Today's post is a string of thoughts from the past few days organized under some themes from today's Gospel lesson:
The realm of heaven is like a merchant searching for fine pearls who when finding a pearl of great value sells everything and buys it. Matthew 13:45-46
Is God the merchant here? If so, what and where is the realm? From whom does God buy it? Are we, God's children, the realm in that we will one day populate it? Is the transaction redemption? Or are we the merchant? Are we to sell everything for the sake of the realm and reign of heaven? And then do what? Buy our way in?
The realm of heaven is like yeast that a woman took and mixed in with three measures of flour until all of it was leavened. Matthew 13:31
Here Baker-Woman God is creating the heavens with her bare hands. Here in Jerusalem, this text can be heard with specific regard to the Christian presence and ministry in the Holy Land, (as suggested by the preacher this morning). There are only about 8000 indigenous Christians in Jerusalem, a city of some 500,000. Yet like yeast, the work that Christians do here permeates the city and beyond, changing the surrounding world, for good. The preacher reminded the congregation here that the Diocese educates nearly 9,000 children, many if not most are Muslim. And our hospitals provide care to many thousands more. Our work for the realm of God is not hindered by our numbers.
Other pearls on the string:
Jerusalem is Israel's largest city and the religious center of the nation and the religions that call it home. Jerusalem is also a prism through which the rest of the country is seen in one light, apart from which the rest of the country can be seen in other lights. The religious complexity and intensity that characterizes Jerusalem does not exist in the same way in other parts of the county. Tel-Aviv is visibly distinct from Jerusalem in the virtual lack of ultra-Orthodox families as a visible presence. There are also significantly more African Israelis in Tel-Aviv. Haifa and Netanyah also have their own characteristics. (Not to mention the Galilee region.) It is easy to forget how much else there is to Israel when based in Jerusalem. Some times the world to come is described in terms of a new Jerusalem, other times in terms of a whole new creation. There are days here when a whole new start sounds like just the ticket, and others when I would like to think that we can change the world with God's help, even here.
$18,000 a peice
That is the figure that peace activists here cite as the combined US contribution to Israel on an annual basis in soft and hard money. Even if the sum is apocryphal or inflated, it is a starting point for reflection and discussion. We are wrestling with our own debt issues and supporting governments around the world in small and in significant ways. As we honor previous commitments and make new ones are we willing to target our investment in ways which reflect our own values? Should our aid be completely disconnected from the peace process? Do American citizens know or even care what governments and what governmental policies we support with our tax dollars? Particularly when we are cutting education, social services, fire and police and libraries on the local level and services for the poor, indigent and elderly. What are we doing with our pearls, our treasure, and why?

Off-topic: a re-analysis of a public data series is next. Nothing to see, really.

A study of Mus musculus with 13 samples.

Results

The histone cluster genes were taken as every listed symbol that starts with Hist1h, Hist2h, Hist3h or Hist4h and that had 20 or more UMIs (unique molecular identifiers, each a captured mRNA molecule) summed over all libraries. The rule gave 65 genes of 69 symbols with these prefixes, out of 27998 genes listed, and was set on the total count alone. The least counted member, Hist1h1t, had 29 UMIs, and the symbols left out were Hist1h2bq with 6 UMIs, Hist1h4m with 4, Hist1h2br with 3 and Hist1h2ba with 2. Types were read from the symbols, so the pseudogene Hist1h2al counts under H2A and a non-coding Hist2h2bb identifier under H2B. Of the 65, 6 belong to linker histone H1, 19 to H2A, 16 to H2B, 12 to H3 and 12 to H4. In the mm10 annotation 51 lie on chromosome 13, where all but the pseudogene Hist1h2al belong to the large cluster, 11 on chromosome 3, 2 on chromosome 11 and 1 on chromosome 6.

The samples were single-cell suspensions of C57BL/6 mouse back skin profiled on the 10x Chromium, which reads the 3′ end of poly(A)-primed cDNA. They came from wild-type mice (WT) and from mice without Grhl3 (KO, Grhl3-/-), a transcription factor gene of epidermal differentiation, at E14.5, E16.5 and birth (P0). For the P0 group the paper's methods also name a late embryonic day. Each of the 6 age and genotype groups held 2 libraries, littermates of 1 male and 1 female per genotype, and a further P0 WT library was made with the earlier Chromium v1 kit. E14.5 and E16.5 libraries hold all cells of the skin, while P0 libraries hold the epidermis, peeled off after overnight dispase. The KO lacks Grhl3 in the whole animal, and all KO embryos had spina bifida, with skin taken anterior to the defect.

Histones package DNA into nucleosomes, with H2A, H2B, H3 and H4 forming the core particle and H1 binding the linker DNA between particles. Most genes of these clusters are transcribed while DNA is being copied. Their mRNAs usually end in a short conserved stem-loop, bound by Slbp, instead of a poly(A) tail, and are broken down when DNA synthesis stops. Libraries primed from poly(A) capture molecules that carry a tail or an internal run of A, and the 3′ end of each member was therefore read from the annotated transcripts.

Voice and Vote
While there is no single group in the US who speaks with a single voice on any one issue, some voices are louder, better funded and have greater access to policy makers than others. Are Americans so jaded by our political system that we just let folk make decisions for us, in our names that do not correspond to our views because we don't want to - or don't see how we can - take on a political behemoth? In our system of government, our votes are as precious as pearls. Yet so many squander them.
Christians have contributed to the shape of community, government and discourse in Israel since the Virgin brought Jesus to be circumcised and dedicated in the Temple. Some of what Christianity has done here in the Name of Jesus has been despicable. And one does not have to go as far back as the Crusades to find examples. Christians have helped contribute to the xenophobia that lurks behind every stone here, augmenting the xenophobia of some Orthodox Jewish communities calling for the eradication of the Arab presence in Israel by any means necessary. The irony being that for these Christian Zionists, the next step is the eradication or conversion of the Jews for the second coming of Christ. Even with that caveat, there are Jewish agencies that take their money. It is hard to find a gospel pearl in all of the muck that is passed off as a shared treasure in those conversations.
The Gospel lesson talked about a single pearl of great price that stood out among the all of the very fine pearls. I've been ruminating on a string of pearls assembled from my experiences and reflections here in the past week. Having found or acquired the pearl treasure of knowledge or experience or any other thing, what does one do now?